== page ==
Even though our speaker directly address religion only briefly in "Aubade," the entire poem is kind of a rejection of religion and religion's ideas about death. It seems pretty safe to say that the speaker in this poem won't be showing up at his local Sunday service or singing in the choir. Religion doesn't hold any comfort for this guy, and it seems like he harbors some contempt for the institution as a whole.
Questions About Religion
Larkin addresses religion directly in the poem's third stanza. Does the poem deal with religion and religious ideas about death indirectly anywhere else in the poem? Where and how?
Did you have a positive or a negative reaction to the third stanza? What caused you to react the way you did? Would the poem be changed in a significant way if the third stanza were omitted? Why or why not?
Play devil's advocate for a minute: tell Larkin why he's wrong about religion and its ability to offer people comfort regarding death's inevitability.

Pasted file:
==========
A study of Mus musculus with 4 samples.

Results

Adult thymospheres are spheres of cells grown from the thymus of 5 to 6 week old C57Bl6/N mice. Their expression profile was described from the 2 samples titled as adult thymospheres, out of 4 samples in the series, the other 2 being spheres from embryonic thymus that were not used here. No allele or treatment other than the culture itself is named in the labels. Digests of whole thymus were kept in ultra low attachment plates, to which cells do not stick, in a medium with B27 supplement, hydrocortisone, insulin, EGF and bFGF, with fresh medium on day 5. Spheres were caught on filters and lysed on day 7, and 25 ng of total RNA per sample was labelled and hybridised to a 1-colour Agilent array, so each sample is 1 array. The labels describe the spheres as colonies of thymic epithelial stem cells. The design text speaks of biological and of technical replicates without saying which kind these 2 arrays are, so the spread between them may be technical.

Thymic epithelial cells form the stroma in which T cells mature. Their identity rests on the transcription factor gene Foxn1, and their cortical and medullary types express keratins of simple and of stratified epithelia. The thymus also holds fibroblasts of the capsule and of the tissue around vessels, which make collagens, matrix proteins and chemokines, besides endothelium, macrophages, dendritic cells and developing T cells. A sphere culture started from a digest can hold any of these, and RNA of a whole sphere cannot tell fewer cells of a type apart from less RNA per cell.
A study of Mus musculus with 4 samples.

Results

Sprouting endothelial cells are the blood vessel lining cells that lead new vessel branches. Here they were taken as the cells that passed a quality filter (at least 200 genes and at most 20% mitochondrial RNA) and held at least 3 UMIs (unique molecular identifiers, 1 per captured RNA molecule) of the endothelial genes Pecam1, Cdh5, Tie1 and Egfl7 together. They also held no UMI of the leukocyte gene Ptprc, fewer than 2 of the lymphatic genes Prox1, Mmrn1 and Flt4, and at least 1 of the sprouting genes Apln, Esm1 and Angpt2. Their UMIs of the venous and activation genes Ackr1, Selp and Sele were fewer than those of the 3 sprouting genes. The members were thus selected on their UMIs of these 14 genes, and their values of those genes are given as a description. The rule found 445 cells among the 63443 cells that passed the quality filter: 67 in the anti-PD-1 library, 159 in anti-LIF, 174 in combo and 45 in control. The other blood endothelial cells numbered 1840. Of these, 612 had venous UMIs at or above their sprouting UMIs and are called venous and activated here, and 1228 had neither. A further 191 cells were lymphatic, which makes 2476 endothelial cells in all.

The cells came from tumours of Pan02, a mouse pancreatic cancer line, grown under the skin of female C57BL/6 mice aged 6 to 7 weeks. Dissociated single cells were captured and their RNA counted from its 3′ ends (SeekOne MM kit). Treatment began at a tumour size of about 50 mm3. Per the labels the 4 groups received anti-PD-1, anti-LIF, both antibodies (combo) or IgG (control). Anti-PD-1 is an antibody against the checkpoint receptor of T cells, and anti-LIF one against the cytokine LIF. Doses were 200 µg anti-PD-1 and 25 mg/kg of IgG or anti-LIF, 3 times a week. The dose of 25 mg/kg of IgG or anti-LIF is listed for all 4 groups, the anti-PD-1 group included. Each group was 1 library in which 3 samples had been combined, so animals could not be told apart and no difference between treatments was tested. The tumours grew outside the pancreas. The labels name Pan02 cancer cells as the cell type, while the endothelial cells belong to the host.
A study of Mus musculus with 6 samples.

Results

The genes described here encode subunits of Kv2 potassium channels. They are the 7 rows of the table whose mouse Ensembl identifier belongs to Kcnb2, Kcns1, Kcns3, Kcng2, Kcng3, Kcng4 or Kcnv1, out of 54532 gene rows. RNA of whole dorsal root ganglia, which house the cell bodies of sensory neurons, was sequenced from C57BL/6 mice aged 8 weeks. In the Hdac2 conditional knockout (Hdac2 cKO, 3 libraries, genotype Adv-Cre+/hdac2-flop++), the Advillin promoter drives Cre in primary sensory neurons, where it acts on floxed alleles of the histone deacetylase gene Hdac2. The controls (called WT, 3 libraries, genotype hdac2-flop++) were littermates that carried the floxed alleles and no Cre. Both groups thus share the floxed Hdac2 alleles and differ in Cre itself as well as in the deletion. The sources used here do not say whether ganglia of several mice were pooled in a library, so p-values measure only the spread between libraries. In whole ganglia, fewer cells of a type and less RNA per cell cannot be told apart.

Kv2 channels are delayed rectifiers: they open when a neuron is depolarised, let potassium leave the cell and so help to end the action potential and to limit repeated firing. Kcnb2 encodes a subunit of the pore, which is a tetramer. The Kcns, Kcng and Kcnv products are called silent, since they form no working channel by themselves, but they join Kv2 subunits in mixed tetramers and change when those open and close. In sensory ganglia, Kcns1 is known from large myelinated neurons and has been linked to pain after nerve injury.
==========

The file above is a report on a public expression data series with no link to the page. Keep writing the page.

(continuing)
Chew on This
In "Aubade," the poem's speaker dismisses religion as a means to deal with the inevitability of death. He doesn't believe in God or an afterlife, and he is one sad puppy. This fact actually makes a strong argument for the effectiveness of religion in dealing with the complexity and fear of death.
By having a speaker that dismisses religion and all other philosophical means of coping with death, Larkin makes the fear of death feel even stronger and more immediate. Larkin chose to have the speaker mock religion simply to heighten the poem's sense of desperation and isolation. Mission: accomplished.